Tony Tagliavia
February 12, 2006

More than 400 people contracted norovirus after eating at the Delta Township Carrabba’s restaurant a couple of weeks ago. Now, a Detroit-area Lawyer is now looking for clients — so they can sue the restaurant.

After 437 fell ill after dining at Carrabba’s, the restaurant was cited for cleanliness violations and for allowing a sick employee to keep working.

Now, a Detroit-area attorney says the restaurant should be held legally responsible for so many coming into contact with the norovirus.

Greg Liepshutz told us today that he believes an employee was forced to go to work when he or she was sick.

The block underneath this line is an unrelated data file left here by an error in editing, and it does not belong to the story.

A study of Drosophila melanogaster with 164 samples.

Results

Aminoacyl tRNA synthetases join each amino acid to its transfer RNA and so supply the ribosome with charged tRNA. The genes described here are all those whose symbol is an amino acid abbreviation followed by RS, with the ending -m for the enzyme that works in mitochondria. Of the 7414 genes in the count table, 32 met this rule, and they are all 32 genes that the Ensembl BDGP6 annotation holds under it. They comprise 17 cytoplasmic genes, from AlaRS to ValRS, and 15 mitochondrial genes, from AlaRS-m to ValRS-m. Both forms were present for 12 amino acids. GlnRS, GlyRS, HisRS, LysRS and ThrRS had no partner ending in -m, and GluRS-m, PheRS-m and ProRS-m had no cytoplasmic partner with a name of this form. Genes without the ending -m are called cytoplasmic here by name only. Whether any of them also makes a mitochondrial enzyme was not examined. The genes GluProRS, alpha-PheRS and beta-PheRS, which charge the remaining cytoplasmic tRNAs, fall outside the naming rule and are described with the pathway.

“The restaurant violated the law,” Liepshutz said.

The Detroit-area lawyer took out an ad in Sunday’s Lansing State Journal. It says people who ‘fell ill’ after eating at Carrabba’s two weeks ago may be entitled to money because of costs associated with doctor visits, time away from work, and pain and suffering.

Liepshutz says the ad is only targeting people who became seriously ill.

“Vomiting, diahrrea, hospital vists. That isn’t minor,” Liepshutz says. “If this was someone’s child, that isn’t minor.”

On the other hand, “if you went there and you came home and your stomach was sore for an hour — those people shuldn’t call me,” he says.

A manager at the Delta Township Carrabba’s told us he couldn’t comment for the story. He said we would have to contact the press office of the owner — Outback Steakhouse Inc. That office is closed Sundays. Our call was not returned.